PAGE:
The MartinLogan hybrid electrostatic speaker system delivers a distinctive aural panorama that throws you into the movies.

A core tenet of stellar home theater reproduction calls for a system's ability to re-create infrasonic bass—the kind that drops so low that you no longer hear it, but you can feel it throughout the length of your alimentary canal. The kind of bass that threatens to shatter your gallstones. Of course, getting this kind of gut-whomping bass is relatively easy today, depending on your room's resonance nodes and the amount of greenbacks you can muster for the purchase of a foundation-rattling subwoofer.

. . . especially when it allows you to make the most of your viewing experience.
Chris Lewis Posted: Dec 27, 2000 Published: Dec 28, 2000 0 comments
Progressive isn't just a buzzword anymore.

The march of technology has always been a double-edged sword. On one edge, progress brings new and, on most occasions, better products that give us a higher-quality viewing and listening experience with more options, increased ease of use, etc. On the other edge, new technology has a way of making its predecessors (that we often paid a lot of money for) old-fashioned at best—and, at worst, obsolete. Technology manufacturers do seem to be getting more empathetic about this. Computers are considerably more upgradeable than they were a few short years ago. Even in the consumer electronics world, we're seeing more and more attention being paid to futureproofing the current crop of upgradeable preamplifier/processors and televisions—two product groups that are probably the most susceptible to change these days. As tough as deciding what to buy in any technology-based market is determining when is the best time to buy it.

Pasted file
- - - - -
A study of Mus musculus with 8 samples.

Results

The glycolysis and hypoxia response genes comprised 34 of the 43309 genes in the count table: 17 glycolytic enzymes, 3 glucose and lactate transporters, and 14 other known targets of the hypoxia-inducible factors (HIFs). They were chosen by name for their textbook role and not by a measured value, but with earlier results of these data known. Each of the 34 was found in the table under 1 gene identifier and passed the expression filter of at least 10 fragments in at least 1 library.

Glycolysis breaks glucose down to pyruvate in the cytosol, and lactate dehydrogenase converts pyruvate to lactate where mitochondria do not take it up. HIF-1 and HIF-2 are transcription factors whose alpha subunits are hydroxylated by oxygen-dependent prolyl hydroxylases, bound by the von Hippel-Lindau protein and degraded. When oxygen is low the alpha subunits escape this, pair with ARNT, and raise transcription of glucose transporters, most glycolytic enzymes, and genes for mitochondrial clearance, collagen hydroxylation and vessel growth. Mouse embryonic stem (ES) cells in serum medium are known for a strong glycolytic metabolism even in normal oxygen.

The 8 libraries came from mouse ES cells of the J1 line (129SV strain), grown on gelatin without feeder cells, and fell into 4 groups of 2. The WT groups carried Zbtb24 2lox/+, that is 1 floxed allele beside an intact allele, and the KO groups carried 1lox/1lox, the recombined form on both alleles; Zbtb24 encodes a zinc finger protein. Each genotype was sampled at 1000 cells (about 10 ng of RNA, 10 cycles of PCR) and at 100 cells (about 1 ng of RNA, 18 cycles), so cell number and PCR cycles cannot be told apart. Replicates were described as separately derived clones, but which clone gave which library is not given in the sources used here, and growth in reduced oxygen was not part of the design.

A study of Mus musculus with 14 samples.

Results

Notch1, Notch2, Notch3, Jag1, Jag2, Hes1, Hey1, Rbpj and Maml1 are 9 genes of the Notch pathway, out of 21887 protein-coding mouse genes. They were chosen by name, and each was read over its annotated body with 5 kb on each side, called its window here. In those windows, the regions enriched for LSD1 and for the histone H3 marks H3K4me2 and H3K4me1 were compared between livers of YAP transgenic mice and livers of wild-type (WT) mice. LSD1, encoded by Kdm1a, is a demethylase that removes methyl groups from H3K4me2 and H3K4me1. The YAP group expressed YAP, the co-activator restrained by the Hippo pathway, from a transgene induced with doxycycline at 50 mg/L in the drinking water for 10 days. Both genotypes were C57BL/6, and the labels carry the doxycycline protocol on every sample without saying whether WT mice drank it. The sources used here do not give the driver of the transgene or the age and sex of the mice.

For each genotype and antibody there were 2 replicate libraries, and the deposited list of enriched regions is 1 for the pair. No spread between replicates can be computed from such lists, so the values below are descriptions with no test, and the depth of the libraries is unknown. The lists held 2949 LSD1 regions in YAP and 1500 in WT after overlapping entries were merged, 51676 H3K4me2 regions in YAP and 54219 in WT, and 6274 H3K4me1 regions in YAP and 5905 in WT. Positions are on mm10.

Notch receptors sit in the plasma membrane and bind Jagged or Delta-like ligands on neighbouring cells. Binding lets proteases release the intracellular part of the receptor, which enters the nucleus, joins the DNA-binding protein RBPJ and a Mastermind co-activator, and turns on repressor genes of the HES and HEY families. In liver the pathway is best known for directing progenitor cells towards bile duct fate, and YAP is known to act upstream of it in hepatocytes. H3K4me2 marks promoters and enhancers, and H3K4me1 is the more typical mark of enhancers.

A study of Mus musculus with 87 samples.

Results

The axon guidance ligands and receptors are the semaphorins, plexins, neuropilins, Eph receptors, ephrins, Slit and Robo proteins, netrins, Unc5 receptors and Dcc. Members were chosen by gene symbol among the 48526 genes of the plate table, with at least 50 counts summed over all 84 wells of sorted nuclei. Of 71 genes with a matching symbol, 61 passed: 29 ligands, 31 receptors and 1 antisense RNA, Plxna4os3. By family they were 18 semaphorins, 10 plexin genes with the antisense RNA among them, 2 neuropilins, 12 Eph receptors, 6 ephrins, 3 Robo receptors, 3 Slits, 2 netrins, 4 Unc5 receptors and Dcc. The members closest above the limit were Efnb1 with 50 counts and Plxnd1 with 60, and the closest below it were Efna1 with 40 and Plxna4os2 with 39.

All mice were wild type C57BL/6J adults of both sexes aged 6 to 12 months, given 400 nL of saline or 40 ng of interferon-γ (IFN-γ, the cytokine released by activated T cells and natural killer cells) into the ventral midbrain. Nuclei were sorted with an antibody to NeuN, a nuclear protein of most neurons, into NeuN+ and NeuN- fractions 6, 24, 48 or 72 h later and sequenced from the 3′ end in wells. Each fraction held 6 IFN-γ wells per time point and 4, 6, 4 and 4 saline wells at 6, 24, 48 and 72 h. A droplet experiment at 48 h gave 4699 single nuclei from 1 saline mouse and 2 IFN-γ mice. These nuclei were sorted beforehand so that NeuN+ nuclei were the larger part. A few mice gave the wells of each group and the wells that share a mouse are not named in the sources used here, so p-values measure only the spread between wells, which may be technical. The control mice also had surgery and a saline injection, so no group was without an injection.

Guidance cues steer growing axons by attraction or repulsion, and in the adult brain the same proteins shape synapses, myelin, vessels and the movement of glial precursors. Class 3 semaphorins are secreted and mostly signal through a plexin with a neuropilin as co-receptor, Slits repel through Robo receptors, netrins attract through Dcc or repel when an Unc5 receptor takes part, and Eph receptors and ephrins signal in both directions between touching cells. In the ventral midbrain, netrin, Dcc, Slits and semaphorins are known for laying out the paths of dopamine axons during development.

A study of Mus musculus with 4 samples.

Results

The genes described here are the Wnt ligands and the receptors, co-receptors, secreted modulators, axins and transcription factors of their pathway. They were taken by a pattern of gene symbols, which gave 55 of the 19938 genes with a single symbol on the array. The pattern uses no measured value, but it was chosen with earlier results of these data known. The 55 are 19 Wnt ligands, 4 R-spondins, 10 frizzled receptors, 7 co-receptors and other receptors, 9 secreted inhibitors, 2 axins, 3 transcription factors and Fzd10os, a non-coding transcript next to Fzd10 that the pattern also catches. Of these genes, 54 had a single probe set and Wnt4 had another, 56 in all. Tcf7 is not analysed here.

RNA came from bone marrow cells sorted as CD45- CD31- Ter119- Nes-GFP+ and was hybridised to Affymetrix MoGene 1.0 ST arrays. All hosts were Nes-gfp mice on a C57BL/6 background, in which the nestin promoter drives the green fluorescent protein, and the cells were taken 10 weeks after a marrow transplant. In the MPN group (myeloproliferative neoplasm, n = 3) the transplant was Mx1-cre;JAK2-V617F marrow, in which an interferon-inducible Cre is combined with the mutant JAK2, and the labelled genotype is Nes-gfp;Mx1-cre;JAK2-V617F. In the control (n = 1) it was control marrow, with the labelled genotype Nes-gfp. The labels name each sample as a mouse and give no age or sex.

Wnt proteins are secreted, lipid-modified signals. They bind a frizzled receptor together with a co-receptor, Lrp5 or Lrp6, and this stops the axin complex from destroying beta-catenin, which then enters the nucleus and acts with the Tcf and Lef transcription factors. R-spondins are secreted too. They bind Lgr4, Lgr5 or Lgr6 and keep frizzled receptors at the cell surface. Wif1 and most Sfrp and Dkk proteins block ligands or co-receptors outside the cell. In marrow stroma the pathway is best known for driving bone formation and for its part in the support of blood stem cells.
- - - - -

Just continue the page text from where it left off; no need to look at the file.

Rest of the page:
It has repeatedly been predicted that video rental stores are heading for the graveyard, most recently with the advent of small satellite services and online rental competitors such as Netflix. The latest foe that, pundits claim, is likely to deal the fatal blow to rental stores is video-on-demand over high-speed networks.


One of the most honored films in the history of the movie business, <I>Ben Hur</I>, will make its DVD debut this coming March, 42 years after its theatrical release. On December 18, <A HREF="">Warner Home Video</A> announced a March 13 street date for the disc. The film has been digitally restored and has a new Dolby Digital 5.1 soundtrack. The suggested retail price will be $24.98.


In an effort to simplify the mess that the 500-channel TV universe has become, <A HREF="%20">Panasonic</A> announced last week the shipment of its new DirecTV-enabled HDTV receiver to retailers. In addition to receiving and decoding both DirectTV and DirecTV HD satellite transmissions, the TU-HDS20 is a DTV-ready multiple-format tuner capable of receiving all 18 ATSC digital television broadcast formats as well as current analog (NTSC) signals.


The year 2000 was a box office record breaker for the film industry, but the chance of repeating that feat in 2001 is being dimmed by the possibility of labor strikes that could halt film production for months.


F<I>rank Sinatra, Kathryn Grayson, Gene Kelly. Directed by George Sidney. Aspect ratio: 1.33:1 (original full-frame). Dolby Digital 1.0. 140 minutes. 1945. Warner Bros. 65070. NR. $19.99.</I>

Improvement wrought by Sony and other manufacturers is bringing flatscreen monitors into territory they weren't originally intended to serve. First developed for commercial signage and public information display, flatscreen monitors---especially the type known as plasma display panels (PDPs)---have seen huge advances in contrast ratio and reduction of motion artifacts, to such an extent that they can be seriously considered by even hard-to-please home theater fans.
As former Chrysler chairman Lee Iococca used to say in the television ads, some companies lead and others follow. British manufacturer Meridian Audio Limited is one that has always lead in the effort to squeeze the most out of any given digital entertainment format.